Washington County

The senses can be in for a wild treat as you make the rounds through the farms, gardens, eateries and other attractions in this historic area between Houston and Austin

If you thought the dog days of summer were just something to be endured, take a trek to Washington County, where the weather is just right for nurturing glorious fields of fragrant lavender. Follow your nose to Chappell Hill Lavender Farm, where 3,000 lavender bushes thrive in the September sun, their perfume wafting down the farm’s gentle slopes.

On weekends August to October, farm owner Debbie McDowell allows visitors to wander the fields and harvest their own purple Provence lavender. Borrow scissors and a basket from the shop and go snip an armful of the tall spikes (each plant has 100-400 stalks) for a nominal fee. “Strip the bottom leaves off the stem, put the stems in a bundle and hang it upside down in a cool dark place for two weeks,” McDowell advises. “The fragrance lasts so long because the essential oil is in the bud.”

For a lifelike lesson in history, go to the Barrington Living History Farm at the Washington-on-the-Brazos State Historic Site. The farm represents the homestead of Anson Jones, the last president of the Republic of Texas. Visitors get to participate in period-specific tasks to learn what life was like in the mid-1800s.

Get an early start and experience picking cotton just as the early settlers did, dragging your burlap sack and stuffing it with white bolls bursting in the tall-cotton fields. “Everyone likes to pick cotton, except those people who used to have to do it,” said Park Ranger Pam Scaggs.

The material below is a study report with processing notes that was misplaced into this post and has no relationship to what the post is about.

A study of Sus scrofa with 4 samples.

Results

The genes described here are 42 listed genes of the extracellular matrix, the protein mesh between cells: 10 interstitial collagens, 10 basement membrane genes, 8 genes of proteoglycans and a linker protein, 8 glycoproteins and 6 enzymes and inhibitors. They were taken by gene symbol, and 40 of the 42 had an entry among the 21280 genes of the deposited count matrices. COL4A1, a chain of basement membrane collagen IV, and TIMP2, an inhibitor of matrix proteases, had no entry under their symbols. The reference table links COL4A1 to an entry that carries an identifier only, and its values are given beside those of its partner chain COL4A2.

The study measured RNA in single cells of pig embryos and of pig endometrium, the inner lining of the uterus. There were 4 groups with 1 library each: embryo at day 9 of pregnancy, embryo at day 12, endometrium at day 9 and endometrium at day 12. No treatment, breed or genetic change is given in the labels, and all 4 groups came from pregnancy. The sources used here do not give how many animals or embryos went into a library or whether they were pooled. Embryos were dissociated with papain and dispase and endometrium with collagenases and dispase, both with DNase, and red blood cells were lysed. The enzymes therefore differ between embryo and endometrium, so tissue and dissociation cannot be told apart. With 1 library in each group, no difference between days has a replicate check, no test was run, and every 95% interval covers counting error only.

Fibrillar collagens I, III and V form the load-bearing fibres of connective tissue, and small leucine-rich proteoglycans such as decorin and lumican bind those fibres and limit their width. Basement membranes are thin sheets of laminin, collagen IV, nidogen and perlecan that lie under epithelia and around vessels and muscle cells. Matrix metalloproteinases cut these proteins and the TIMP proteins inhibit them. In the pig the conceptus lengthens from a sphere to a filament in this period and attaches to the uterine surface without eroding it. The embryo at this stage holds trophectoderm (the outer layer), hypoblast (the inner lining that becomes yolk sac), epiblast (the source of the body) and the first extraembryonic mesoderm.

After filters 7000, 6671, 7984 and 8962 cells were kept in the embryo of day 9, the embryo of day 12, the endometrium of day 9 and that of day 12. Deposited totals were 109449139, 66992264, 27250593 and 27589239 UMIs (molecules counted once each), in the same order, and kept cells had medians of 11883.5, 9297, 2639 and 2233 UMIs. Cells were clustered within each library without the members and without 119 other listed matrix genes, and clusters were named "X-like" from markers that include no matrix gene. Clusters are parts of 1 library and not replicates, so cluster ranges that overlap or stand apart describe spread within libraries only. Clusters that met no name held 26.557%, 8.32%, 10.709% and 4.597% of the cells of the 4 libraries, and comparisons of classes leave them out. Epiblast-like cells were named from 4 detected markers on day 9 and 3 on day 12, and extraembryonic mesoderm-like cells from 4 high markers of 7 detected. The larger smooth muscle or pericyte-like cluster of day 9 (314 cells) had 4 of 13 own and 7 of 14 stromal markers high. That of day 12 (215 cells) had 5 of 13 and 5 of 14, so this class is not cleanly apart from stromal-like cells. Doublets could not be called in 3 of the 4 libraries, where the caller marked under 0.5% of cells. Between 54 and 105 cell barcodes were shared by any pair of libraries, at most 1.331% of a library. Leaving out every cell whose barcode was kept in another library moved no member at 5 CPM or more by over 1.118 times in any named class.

Make time to watch the sturdy Pineywoods oxen pull a plow and respond to simple commands: A flick to the front of their legs makes them back up.

Kids who normally shy away from history get caught up by the old ways evident in the kitchen outbuilding. A shoofly (a cloth fan hung from the ceiling) keeps pests from settling on the fresh-baked cornbread, made with corn grown and ground at the farm. Youngsters can help pick okra, late-season squash or even pears.

Next, swing past the Antique Rose Emporium in Brenham. Roam its seven acres of display gardens, featuring not only “rustled” old-fashioned peach, pink and yellow roses, but also perennials, drought-tolerant native plants and butterfly gardens.

A muffuletta sandwich followed by a generous slice of homemade Dutch apple pie at Must Be Heaven restaurant in Brenham helps you re-energize. Nearby, Toubin Park celebrates historic underground cisterns. In the 1870s, Brenham was thought to be the first Texas city to build public cisterns, a response to fighting too many fires with too little water.

Down the road at Round Top Festival Institute, the intricate woodwork of the acoustically perfect performance hall is balanced by the riot of color and scents of acres of themed herb gardens. Festival Hill’s pharmacy garden has long, raised beds devoted to medicinal plants grouped by geographical region—New Zealand, the Middle East, Southeast Asia, the Americas. Touch the leaves of ginseng, patchouli, turmeric and curry plants for a spice market experience.

Stroll down shaded paths to the herbal tea garden, the fiber-and-dye garden and the lakeside garden. Helpful identifier tags let you match rare and unusual scents to the plants, which include varieties of lavender, salvia and basil. The sunny Cloister Garden recalls a ruined stone church with rosemary trailing over the walls.

Reward yourself with dinner at Royers Round Top Café. The grilled rack of lamb served with a mashed potato casserole along with junk berry pie is one more Washington County feast for the eyes, nose and mouth.

Eileen Mattei is a frequent contributor.